When a gunman opened fire in the Table Mesa King Soopers on Monday, March 22, prematurely ending the lives of 10 people, his bullets also ripped a wound in my homeplace. Boulder is the only home I’ve ever known. I was born here. I grew up here. After moving away for a few years, I came back here to pursue a Ph.D. at the University of Colorado Boulder. Like many, I have shopped at that King Soopers. I have multiple friends and colleagues who live within walking distance of that supermarket. Before last Monday it was just an average grocery store. It could have been anywhere in America.
Six days earlier, a gunman killed eight people in Atlanta. I am writing this piece because I believe these two events were not separate from each other, nor are they separate from any of the other mass shootings that have plagued this country for the past several decades. We have to talk about the common conditions of these events. We have to talk about guns. And we have to talk about race.
Six of the eight people murdered in Atlanta were Asian American women. The fact that the suspected shooter deliberately sought out massage parlors, attributing his rampage to his sexual frustration, has everything to do with the unique ways Asian American women are sexualized by white men in the U.S. In Boulder, the media narrative took a sharp turn when images of the suspected shooter — who commentators immediately labeled white — were paired with an Arabic name. Fox News wasn’t covering the shooting at all until his name was released.
Race is visible in these two cases. But race is also at play in every other mass shooting — when the suspected shooter is white, race defines how we don’t tell the story. Despite the vast majority of mass shooters being young white men, most Americans don’t look on all young white men with suspicion, believing that they might be violent criminals. The same cannot be said for young Black, Latino, Chicano, Arab American or South Asian men.
The stories we tell about who the suspected shooter was, and why he (it almost always is a “he”) did what he did, are always inflected by race. More importantly, these stories distract from the conditions that make these shootings possible in the first place. There is a familiar script to these events: thoughts and prayers, followed by arguments over gun rights, followed by complacency and inertia. We turn our attention to punishing the suspected shooter — justice means making sure he gets sent to prison. We treat the symptom and then we move on, without addressing any of the root causes that made the symptom occur.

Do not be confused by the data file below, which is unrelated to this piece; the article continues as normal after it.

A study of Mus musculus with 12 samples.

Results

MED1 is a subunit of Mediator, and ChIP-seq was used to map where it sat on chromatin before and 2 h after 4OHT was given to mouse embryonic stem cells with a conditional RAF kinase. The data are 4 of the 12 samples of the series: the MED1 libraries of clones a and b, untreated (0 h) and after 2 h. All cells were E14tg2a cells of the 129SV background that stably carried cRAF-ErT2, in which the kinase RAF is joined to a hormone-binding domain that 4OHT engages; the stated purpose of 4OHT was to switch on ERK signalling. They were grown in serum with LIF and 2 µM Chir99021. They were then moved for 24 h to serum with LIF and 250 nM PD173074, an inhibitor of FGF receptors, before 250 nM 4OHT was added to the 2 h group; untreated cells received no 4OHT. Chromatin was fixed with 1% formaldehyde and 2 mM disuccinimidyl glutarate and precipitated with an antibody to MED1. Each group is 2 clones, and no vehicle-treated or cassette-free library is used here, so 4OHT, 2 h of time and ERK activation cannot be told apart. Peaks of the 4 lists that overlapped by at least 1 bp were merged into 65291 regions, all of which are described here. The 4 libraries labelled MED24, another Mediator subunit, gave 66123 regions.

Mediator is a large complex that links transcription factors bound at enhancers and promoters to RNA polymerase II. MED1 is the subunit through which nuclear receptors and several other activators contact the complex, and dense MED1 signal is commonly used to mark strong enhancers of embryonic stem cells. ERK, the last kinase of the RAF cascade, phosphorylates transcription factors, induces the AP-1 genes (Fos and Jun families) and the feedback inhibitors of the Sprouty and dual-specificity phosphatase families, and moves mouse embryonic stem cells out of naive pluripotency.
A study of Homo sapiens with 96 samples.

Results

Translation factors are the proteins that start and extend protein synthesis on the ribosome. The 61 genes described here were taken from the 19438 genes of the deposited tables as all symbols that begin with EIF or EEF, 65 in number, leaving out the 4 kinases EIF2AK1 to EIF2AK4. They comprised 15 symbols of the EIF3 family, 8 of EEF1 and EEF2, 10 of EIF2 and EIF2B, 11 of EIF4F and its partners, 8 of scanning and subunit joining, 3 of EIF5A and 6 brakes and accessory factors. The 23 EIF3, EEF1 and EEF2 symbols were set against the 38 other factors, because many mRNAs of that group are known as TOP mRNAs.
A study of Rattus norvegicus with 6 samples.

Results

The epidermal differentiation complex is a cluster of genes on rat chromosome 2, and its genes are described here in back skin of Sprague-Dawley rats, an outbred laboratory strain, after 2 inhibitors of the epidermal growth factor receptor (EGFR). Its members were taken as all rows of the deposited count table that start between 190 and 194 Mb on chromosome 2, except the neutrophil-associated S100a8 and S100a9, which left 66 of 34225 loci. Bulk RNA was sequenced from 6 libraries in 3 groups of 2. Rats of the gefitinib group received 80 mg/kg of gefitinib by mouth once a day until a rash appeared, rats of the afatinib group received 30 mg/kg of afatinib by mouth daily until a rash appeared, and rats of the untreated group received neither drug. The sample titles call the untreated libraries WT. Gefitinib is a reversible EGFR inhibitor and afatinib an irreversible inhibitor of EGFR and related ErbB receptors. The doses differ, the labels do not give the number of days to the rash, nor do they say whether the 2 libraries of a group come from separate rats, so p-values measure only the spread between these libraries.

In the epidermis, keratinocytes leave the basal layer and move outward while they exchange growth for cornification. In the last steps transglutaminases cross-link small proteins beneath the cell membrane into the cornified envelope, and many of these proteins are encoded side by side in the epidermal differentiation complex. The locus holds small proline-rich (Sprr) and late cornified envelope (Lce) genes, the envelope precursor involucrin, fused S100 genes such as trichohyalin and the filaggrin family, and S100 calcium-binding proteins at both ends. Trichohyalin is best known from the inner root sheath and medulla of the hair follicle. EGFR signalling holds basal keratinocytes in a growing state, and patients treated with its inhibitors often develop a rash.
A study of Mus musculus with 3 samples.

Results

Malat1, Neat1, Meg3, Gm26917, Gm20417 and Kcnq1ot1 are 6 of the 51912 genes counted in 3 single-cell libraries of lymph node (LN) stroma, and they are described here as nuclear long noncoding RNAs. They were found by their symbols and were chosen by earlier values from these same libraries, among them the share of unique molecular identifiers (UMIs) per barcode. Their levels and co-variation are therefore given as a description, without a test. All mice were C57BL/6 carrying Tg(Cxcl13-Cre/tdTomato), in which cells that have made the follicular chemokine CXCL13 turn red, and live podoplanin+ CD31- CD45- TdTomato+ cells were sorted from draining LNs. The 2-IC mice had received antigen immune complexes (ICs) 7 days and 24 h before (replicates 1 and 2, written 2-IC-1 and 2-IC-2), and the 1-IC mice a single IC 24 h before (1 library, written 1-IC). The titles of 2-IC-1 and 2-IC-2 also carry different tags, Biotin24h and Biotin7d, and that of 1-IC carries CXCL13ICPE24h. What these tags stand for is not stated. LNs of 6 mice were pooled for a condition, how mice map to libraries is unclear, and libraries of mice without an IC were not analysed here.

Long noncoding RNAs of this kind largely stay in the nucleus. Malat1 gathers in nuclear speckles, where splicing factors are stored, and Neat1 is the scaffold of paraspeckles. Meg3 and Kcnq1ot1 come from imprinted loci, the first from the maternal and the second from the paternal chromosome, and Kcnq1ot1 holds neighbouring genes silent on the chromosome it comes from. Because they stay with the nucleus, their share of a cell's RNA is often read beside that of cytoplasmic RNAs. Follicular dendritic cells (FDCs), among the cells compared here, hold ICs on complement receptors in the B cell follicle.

I am talking about the absurd ease with which Americans can purchase assault-style weapons with high-capacity magazines — tools whose only purpose is to efficiently end human life. I am talking about the lack of investment in community mental health resources, which is hard to separate from the enormous investment in police and in prisons.
The SWAT and police forces that responded to the Boulder suspected shooter were well-equipped with military gear — equipment they would not need if the suspected shooter weren’t able to purchase an AR-15 in the first place. Having a gun does not make you safer — presumably, the first police officer to respond to the scene had a gun and was trained to use it. His life is over.
And I am talking about white supremacy, the way the Second Amendment only ever seems to apply to white people, the way a mass killing is “senseless” until the suspected shooter is not white, at which point it’s terrorism.
There are concrete steps we know we can take. Press our public officials for common sense gun laws — no assault weapons, no high-capacity magazines, routine waiting periods, thorough background checks. Invest in community mental health. And note and be aware of the role race plays in how we tell the stories of these events.
We need to stop privileging the individual right to gun ownership over the collective right to gather safely in public, a right that is also enshrined in the U.S. Constitution. And we need to expand our notion of justice: Instead of seeing the imprisonment of an individual as a satisfactory solution, we need to change the conditions of our society before they produce the next shooter.
Watching the news last Monday, I heard person after person say, “I never imagined this could happen in Boulder.” Having grown up here, having lived through Columbine then Aurora, having heard people call loudly for change and watched nothing change time and again, I can’t say that I agree. Until we address the root causes — gun access, mental health, misogyny, racism — the list of places forever associated with horrific acts of violence will continue to grow. Nowhere in this country is immune. Unless we change the conditions, it is only a matter of time.
Ben Baron is Ph.D. student at the University of Colorado Boulder.
This opinion column does not necessarily reflect the views of Boulder Weekly.